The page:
Voice Acting Is Bad, As We Do It

This is more a personal beef but it is one that I feel connects to problems with videogames in general.

Voice acting, in videogames, is usually handled in a representative way. That is, a character has a line of dialogue, and the voice actor directly expresses that line of dialogue. This means the voice actor is trying to represent that line of dialogue ‘right.’ To do that, the voice actor needs to understand what the ‘right’ version of that dialogue is. To do that, they need to be able to put that line into context, and to do that they need someone who can interpret for them every possible version of that line, based on all available context of the game.

This is obviously not very easy.

The work of a director is then to both understand the game’s fiction on a deep level and how that interacts with the game’s play experience. They then have to be able to rely on what they’re talking about remaining unchanged, so they probably need to start work once the rest of the game’s fiction has been decided upon. They also need some degree of creative control to ensure that if a voice actor can’t deliver a line, or if the fiction has some potential failure state where things don’t make sense, the voice actors aren’t stuck trying to do something they can’t. That means the fiction has to have some flexibility.

Also, voice acting needs to work without pauses but also without crosstalk. Naturalistic dialogue has more problems the more you pause between sounds, which means that for the director’s sake, they probably need all the voice actors at once so they can deliver dialogue around one another easily and make sure lines flow smoothly into one another.

Then for that to work you’re probably going to need a lot of time, time for breaks for actors to recharge, then you’ll also probably want some concealer booths so actors can properly emote based on surprises and none of this is how it gets done. Obviously. You can’t wait until the entire production of a game is done to get voice acting done. As part of the game’s fiction it might get done in the later stages, but you’re just not going to get this kind of outlay and planning for the voice acting, which is largely seen as ‘unimportant’ as a component of the narrative.

The other thing is, all of this is in service of one, representative version of the narrative voice. Doing this removes ambiguity you get with textual dialogue, which may be nice if you want your message to be extremely explicit, but it also runs contrary to the scope of the kind of storytelling you normally get in games. Games tend to run dozens of hours, with a fiction where timing is remarkably difficult to connect to the play experience, so you can’t exactly treat them like movies (David Cage), and because the timing is handled by the player, you can’t treat them like TV Series, either.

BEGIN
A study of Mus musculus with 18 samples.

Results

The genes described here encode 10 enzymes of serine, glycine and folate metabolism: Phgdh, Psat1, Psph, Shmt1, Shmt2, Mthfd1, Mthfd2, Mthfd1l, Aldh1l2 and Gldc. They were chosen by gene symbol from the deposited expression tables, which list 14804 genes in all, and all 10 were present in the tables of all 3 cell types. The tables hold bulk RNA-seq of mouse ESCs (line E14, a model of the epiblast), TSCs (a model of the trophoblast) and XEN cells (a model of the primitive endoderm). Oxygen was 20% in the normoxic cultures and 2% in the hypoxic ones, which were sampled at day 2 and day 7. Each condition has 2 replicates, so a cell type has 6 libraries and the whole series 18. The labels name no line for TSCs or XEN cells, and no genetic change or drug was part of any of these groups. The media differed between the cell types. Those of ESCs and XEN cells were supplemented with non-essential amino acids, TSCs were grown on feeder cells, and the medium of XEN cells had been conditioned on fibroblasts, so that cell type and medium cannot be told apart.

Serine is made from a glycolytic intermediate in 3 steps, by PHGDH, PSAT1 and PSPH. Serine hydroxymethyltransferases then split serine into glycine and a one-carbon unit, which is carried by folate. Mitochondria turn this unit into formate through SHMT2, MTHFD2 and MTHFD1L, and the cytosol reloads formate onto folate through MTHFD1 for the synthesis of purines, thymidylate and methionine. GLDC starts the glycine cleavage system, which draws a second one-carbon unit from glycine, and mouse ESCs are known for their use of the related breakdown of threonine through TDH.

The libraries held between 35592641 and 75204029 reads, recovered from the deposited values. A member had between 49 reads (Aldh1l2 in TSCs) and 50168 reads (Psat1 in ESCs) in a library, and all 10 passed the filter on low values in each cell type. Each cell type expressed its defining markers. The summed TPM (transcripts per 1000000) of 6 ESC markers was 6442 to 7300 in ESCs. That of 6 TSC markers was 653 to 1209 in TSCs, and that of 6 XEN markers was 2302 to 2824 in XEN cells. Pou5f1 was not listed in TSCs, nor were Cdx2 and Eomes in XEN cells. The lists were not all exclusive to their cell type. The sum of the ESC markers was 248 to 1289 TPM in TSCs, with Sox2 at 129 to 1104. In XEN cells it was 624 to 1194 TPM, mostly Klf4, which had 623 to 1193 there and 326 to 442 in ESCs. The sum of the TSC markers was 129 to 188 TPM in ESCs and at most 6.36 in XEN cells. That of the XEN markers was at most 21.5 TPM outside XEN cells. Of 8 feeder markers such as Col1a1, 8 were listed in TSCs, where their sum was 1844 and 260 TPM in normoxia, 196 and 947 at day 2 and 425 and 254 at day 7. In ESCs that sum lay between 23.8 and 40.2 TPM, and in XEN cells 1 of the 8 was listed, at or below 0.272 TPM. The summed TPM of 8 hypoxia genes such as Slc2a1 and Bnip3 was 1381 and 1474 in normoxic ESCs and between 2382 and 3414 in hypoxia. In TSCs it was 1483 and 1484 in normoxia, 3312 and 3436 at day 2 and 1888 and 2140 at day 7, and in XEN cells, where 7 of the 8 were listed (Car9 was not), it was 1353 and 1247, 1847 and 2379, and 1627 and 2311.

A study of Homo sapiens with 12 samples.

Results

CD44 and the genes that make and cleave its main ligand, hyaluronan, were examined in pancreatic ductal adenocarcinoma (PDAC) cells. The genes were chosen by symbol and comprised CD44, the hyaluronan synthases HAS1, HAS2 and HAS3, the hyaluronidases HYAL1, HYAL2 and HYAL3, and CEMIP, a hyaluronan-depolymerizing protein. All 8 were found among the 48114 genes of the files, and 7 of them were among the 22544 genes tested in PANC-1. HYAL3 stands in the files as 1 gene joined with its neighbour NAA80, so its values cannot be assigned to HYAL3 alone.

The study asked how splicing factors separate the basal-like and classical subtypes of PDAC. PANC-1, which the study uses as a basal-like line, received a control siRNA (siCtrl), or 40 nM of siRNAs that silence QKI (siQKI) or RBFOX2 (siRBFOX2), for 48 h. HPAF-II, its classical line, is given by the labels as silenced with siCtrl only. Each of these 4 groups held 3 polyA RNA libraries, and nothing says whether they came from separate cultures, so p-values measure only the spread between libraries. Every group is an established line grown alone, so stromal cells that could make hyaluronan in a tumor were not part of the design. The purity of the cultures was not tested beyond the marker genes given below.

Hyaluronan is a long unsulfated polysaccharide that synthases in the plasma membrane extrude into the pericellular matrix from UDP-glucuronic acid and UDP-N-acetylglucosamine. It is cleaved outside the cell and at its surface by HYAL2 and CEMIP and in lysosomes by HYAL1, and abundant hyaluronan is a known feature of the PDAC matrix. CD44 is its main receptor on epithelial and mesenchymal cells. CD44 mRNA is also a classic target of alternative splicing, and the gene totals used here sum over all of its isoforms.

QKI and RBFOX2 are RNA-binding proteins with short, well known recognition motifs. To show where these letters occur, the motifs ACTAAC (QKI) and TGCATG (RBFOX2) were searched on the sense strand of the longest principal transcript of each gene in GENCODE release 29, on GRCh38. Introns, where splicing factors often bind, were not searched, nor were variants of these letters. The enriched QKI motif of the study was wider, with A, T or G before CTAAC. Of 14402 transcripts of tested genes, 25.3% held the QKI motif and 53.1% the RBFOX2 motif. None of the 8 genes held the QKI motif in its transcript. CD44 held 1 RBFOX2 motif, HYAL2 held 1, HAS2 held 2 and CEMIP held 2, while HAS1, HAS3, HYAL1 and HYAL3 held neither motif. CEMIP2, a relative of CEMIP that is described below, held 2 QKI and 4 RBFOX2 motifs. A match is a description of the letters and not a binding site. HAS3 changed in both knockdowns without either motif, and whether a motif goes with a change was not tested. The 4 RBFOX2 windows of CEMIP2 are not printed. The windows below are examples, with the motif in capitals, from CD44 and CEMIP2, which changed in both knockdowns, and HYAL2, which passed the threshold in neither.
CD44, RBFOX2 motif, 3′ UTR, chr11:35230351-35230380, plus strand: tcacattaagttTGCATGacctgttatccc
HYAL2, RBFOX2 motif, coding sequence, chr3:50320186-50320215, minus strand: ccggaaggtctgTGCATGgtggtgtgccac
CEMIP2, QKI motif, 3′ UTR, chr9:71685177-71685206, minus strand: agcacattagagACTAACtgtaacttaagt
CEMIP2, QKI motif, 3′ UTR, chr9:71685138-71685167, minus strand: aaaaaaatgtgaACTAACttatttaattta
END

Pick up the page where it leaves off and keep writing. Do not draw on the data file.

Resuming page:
Oh, and the inclusion of voice acting makes it so changing dialogue at any point becomes expensive. Star Wars: The Old Republic, being fully voice acted, has to pay for voice acting for expansions, which is hideously pricey compared to the way expansions are meant to go (ie, much cheaper than the original production). Oh, and everything multiplies for each region you intend to release your game in.

None of this is to say that Voice Acting Is Bad. It’s just right now, the way we do voice acting is bad, and the only reason we get to have games voice acted the way we do tends to tie into whether or not voice actors are being underpaid and overworked for what they do, and then blamed for failures of the system around them.

Personally, I think one of the best options for conveying the tone and atmosphere of a line without necessarily relying on a single perfect representation of the dialogue by a voice actor is when you reduce an actual dialogue to vocables, like Midna uses. This kind of non-voice-voice is used throughout Legend of Zelda games (except Breath of the Wild) and it’s really good for allowing the actor to convey a tone without needing them to perfectly frame their dialogue.

It’s also cheaper and allows for ambiguous interpretation of dialogue in a way that’s more akin to books than to movies, but that’s my preference and I understand not every storyteller wants to do that.

Still, textual ambiguity is one of the best friends a writer can have when the director of the total experience might be running around putting buckets on people’s heads and stealing all the cheese.